This past year, for the first time ever, I did all of my holiday shopping online. I didn’t set foot inside the mall or buy any gifts at crowded stores. And, while I might have been shopping in solitude, I certainly wasn’t alone. comScore reported a 15.3% increase in online shopping between Nov. 1 and Dec. 26 as customers spent $37 billion on e-Commerce sites, which is a new record for those of you who are keeping track. Cyber Monday alone brought in $1.25 billion ― the heaviest online shopping day in history ― and Green Monday wasn’t far behind, with $1.1 billion. All in all, there were 10 shopping days this past holiday season that surpassed the $1 billion mark in online sales.
Online holiday shopping exceeded everyone’s expectations, except for maybe the online retailers themselves, whose preparations and due diligence paid off. Here are some of the tactics used by the most successful online retailers that you can use throughout the year:
Acquire New Subscribers. I’ve seen estimates stating that email accounted for 2.8% of all online sales each day during the holiday season, except on Christmas Day when it jumped to 20%. This proves how effective email is at prompting subscribers to make purchases even when shopping isn’t necessarily on their minds. Email simply drives sales. While the quality of subscribers on your list certainly matters more than quantity, acquiring new subscribers should always remain a top priority. For example, we’ve seen a lot of success with online sweepstakes, promoted via email, onsite and with viral components ― especially when companies give away their own merchandise as prizes. Doing so ensures that entrants are interested in your products and brand, allowing you to acquire the email addresses of people likely to turn into customers.
Implement A Bold And Dynamic Deployment Schedule. Customers are somewhat more lenient with the amount of email received over the holidays. While I don’t recommend sending that often during the rest of year, I believe that some of the deployment tactics used during the holiday season can work throughout the year. These tactics might include promoting sales in advance; allowing customers to sign up for special, more aggressive campaigns; and creating triggered campaigns based on online activity and purchases. As long as the emails you’re sending are relevant and useful to subscribers, they won’t mind the increase in the number of messages. It’s important to note that one-size-fits-all email campaigns are a thing of the past; Not every customer will be interested in everything. The key is to use your profile data and customer purchase metrics to send targeted, relevant messages.
Target Offers And Discounts. Over the holidays, online retailers did whatever was necessary to gain business. (I’m talking to you, Amazon Price Check app). But you don’t have to undercut every other retailer to meet and even exceed your revenue goals. I can’t stress this point enough. If you’re relying on discounts in your email campaigns to drive e-Commerce sales, you’re doing yourself a disservice. While offering a discount certainly is an easy way to attract customers, it isn’t always necessary, and you’re diminishing your margins and profitability by always discounting. Instead, use a discount ladder to apply discounts only when necessary. A discount ladder suppresses the offer to customers who are most likely to buy while offering different levels of discounts to different customers as latency increases. This can either be done using RFM profiling attributes or increasing the offers over time.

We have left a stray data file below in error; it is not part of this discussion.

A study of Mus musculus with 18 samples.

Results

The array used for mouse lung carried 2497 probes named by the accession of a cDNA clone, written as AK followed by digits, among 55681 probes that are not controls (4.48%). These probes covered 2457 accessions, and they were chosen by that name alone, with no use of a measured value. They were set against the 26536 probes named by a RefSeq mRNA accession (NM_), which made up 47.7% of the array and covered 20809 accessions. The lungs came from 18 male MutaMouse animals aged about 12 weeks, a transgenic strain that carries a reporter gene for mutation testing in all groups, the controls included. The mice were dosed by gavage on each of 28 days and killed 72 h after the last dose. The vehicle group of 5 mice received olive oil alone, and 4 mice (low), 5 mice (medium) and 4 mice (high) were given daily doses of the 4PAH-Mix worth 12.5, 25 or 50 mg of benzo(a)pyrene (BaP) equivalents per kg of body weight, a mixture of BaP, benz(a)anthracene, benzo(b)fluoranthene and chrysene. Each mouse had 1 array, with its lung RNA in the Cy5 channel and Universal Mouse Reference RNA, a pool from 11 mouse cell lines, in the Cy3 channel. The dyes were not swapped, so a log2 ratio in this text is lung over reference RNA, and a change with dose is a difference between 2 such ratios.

Design For Mobile Devices And Tablets. There is no denying the impact smartphones and tablets had on the holiday season. The Gilt Groupe reported that 20% of all sales in November and December stemmed from mobile devices, an increase well over 100% from 2010. Recent stats showed that 9.29% of all emails now are opened on mobile devices, which means it is more important than ever to get the design right. While there are no standards for mobile emails, some best practices include using a single column design; large call-to-action buttons that are easily pressed with thumbs; large fonts; short, clear messaging and subject lines; and links to mobile optimized web sites.
Follow Up. The most successful and innovative retailers know the importance of post purchase campaigns. When you purchase something at Gap, the clerk asks if you’d like your receipt to be emailed to you, which is a great acquisition tactic and an easy way to upsell related products. Post purchase campaigns aren’t limited to requesting product reviews, although that is another easy entry point. Post purchase campaigns should cross-promote merchandise and upsell, be used for customer loyalty programs and even re-engage customers who haven’t shopped in a while. The more interaction you have with your customers, the more likely they’ll be to buy again.
After the holidays, it is easy to abandon the creative tactics and extra care you put into your email strategy. But carrying these tactics forward throughout the year will ensure your email campaigns remain one of your strongest revenue generating channels.
Ross Kramer is a co-founder and CEO of Listrak. He has 15 years of executive leadership, successfully launching and directing three technology start-ups. Kramer is a thought-leader within the online marketing community, lending his expertise to conferences, seminars, articles, blogs and webcasts.